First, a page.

By Brandon Kelley on Feb 25, 2016
If you haven’t watched the show, Jack Bauer, works for the Counter Terrorism Unit with the Federal Government. Every new season is a new 24 hour timeframe and every episode is in “real time.” While the details of the storyline vary each season and even each episode, the main idea is the same – Jack and his team are working to keep America safe from terrorists.
One of the most engaging TV shows (that I have come across) is the show 24. If you haven’t watched the show, it’s quite unique. Jack Bauer, the main character, works for the Counter Terrorism Unit with the Federal Government. Every new season is a new 24 hour timeframe and every episode is in “real time.” While the details of the storyline vary each season and even each episode, the main idea is the same – Jack and his team are working to keep America safe from terrorists.
In all this, I think there are some valuable lessons on preaching that we can glean from the show.
3 Lessons on Preaching From the Show 24
1. The Same Basic Storyline Can Be Engaging
The pressure is felt abundantly around holidays like Christmas and Easter. Many pastors feel as though they are preaching the same message every year and they struggle to come at the main story from a new angle.
If we take the show 24 for example, though, the same basic storyline can be engaging. The writers of the show do a great job at mixing up the situations, always including twists and turns throughout the episodes and throughout the seasons as a whole.
What we can take away from this is that there can be the same main theme during Easter, for example, but we can look at different journeys to getting there. A few weeks ago, I went from the main text in Proverbs to Jesus on the cross in one sermon (you can watch it here). This is a natural thing if you make it a point to preach the Gospel every time.
This should be encouraging for us especially when we consider that the Bible is a collective single story with many sub stories built in. You could look at the Bible as a whole as the show, books of the Bible and topics as the seasons, and individual sermons as the episodes.
2. We Don’t Have an Attention Span Problem, Just an Engagement Problem
Could a 24-week long series work? Absolutely! I don’t buy into the idea that a sermon series has to only be 4-8 weeks. They can be longer, much longer, in fact. The key is, it must be engaging. This is the reason why Mark Driscoll could teach extremely long sermon series on a book of the Bible. Many people take the time to work through a large book and then go directly to another one.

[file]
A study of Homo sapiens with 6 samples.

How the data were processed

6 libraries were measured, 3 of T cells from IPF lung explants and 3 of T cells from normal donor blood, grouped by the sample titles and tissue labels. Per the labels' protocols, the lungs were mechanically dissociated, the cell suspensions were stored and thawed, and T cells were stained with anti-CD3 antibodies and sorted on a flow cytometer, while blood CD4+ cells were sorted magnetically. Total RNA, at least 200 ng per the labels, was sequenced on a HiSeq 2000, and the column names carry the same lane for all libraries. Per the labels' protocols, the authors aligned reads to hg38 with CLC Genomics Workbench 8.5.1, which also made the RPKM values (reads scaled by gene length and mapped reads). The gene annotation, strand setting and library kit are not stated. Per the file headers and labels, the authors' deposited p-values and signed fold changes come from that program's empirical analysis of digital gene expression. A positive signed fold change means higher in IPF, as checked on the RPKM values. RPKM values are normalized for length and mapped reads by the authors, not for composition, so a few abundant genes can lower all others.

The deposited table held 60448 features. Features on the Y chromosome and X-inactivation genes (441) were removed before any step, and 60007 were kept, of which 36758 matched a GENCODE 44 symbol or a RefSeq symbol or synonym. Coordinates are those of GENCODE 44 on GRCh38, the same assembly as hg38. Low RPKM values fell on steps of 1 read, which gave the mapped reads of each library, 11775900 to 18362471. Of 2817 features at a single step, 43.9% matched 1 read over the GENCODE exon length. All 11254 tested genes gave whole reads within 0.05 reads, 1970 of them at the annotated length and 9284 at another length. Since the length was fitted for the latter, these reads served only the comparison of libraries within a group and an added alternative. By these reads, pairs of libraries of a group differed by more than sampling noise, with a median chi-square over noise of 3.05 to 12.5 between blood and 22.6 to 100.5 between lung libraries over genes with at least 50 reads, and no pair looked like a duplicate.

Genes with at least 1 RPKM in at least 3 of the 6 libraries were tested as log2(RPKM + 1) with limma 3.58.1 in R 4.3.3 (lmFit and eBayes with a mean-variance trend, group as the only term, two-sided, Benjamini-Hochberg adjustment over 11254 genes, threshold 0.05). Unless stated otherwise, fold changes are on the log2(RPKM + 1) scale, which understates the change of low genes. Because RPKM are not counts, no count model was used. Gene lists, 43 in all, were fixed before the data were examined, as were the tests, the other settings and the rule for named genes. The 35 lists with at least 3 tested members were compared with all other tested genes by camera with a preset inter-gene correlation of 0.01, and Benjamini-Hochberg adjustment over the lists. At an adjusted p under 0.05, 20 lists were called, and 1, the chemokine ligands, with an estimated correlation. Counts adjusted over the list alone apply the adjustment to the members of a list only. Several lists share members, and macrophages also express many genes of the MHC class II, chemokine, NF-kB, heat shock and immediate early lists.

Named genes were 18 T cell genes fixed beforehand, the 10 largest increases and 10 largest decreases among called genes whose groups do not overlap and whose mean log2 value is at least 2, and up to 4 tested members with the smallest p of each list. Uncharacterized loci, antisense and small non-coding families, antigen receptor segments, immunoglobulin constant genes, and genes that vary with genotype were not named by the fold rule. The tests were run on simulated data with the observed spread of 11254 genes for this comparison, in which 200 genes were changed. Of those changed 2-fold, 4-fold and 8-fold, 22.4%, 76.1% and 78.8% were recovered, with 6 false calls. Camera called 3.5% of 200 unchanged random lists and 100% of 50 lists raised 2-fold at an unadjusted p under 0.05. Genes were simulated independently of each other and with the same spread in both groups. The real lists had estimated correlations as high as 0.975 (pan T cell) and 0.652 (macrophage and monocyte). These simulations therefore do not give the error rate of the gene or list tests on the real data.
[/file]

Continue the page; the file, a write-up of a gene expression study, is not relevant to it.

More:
We don’t have an attention span problem, just an engagement problem. This is why 24 can afford to have such long seasons of its show, especially consider the structure of the show – you don’t have the plot resolved until the last episode of the season. It’s crazy engaging!
Don’t be afraid to do a longer sermon series. But make sure you make it engaging. Connect with people. Help them understand how much they’ll grow through the series. Connect Scripture to their life today.
3. Use This Week’s Message to Set the Stage for Next Week’s Message
One thing the show 24 does so well is they end each episode in a way that leaves you in extreme anticipation for the next episode. They do this through cliff hangers and adding a conflict right at the end.
Could it be possible to translate that into the way you structure the ending of your message? I think so. This requires you to actually know the direction for next week’s message, though, so do the hard work of preparing well and getting ahead.
In order to do this within a sermon series, you’ll want to structure each sermon as a part of the next. In other words, these shouldn’t entirely be stand-alone messages packaged together. They must build on each other.
A way to frame this would be to look at each sermon series you will be preaching in the future as a journey of discovery (or even a story). Instead of structuring it entirely deductive, come alongside your congregation and take them through a series where you’re acting as a tour guide. Make points, give instruction, of course, but don’t start there. Help people see the instruction, don’t just tell them.
Have you seen the show? What would you add? Am I totally off base here? I’d love to hear from you!